Horse racing is an ancient sport that evolved from a primitive contest of speed or stamina between two horses into one of the world’s most popular spectator sports and a multi-billion dollar global business. Yet behind the glamorous facade of the modern day thoroughbred horse race lies a bleak world of abuse, injuries, drug use, breakdowns and slaughter.
When a horse wins a race, its owner receives the prize money (known as a purse). The amount of prize money for a particular race is determined by a number of factors, including the race’s quality and the number of horses entered. The more expensive and prestigious races tend to offer higher prizes, while lower-quality and less-prestigious races may not award any prize money at all. The winner is declared when a horse crosses the finish line first, though in some instances a photo-finish may be necessary to determine a winner.
Prior to a horse race, competing horses are positioned in stalls or behind a starting gate. Once a steward or starter has signaled the horses to start, the gates open and the race begins. Throughout the course of a race, jockeys (professional horse riders) help guide their mounts along the track and over any hurdles or fences that are in the way. A fast acceleration is essential for winning sprint races, while long-distance races require a certain level of endurance.
In the early days of horse racing, most races were winner-take-all, but as field sizes increased and the emergence of different breeds of horses led to differing levels of athletic ability, second and third place prizes began to be awarded. Today most major races are run for a top-tier prize and runners in lower categories compete for secondary prize money that can be a significant sum of money.
The vast majority of horse races in the United States are run on a flat surface, where horses are ridden by a professional jockey. Depending on the type of race, jockeys will either sit or stand on a horse, using their whip to steer the animal and influence its pace and direction. They will also assist in navigating the horse over jumps and through any other obstacles on the track.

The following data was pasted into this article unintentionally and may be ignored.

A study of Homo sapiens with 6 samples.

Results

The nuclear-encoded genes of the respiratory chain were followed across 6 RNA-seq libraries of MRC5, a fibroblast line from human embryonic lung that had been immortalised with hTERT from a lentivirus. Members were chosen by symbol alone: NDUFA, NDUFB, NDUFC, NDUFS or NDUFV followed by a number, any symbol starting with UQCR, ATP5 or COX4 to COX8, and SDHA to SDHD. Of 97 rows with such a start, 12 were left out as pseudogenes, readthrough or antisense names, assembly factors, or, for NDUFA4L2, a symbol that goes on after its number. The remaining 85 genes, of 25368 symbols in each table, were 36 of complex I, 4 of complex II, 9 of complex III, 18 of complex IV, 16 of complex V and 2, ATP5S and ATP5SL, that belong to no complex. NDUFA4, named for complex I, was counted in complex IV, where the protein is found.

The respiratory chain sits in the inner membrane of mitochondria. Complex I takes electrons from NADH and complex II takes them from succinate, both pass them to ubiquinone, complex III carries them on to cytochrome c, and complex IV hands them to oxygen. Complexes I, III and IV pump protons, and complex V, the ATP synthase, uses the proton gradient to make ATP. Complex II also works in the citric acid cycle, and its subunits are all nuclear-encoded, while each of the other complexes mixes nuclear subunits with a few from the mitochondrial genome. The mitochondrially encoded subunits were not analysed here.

There are dozens of regulated horse race tracks in the United States, and each state has its own set of rules governing how horse races are conducted. These rules can vary widely from state to state, from what type of medication a horse can be given during a race to what penalties are imposed on trainers and owners who violate them.
Despite the fact that horse racing has a number of issues to contend with, growing awareness of the cruelty of this industry is resulting in positive improvements for horses. However, more needs to be done to ensure that the sport can survive in a society and culture that increasingly recognizes animals as living, sentient beings with fundamental rights that must be respected. We cannot let the for-profit industry steal the futures of Eight Belles, Medina Spirit, Keepthename, Creative Plan and the many thousands of other ex-racehorses who have been discarded into slaughterhouse pipelines.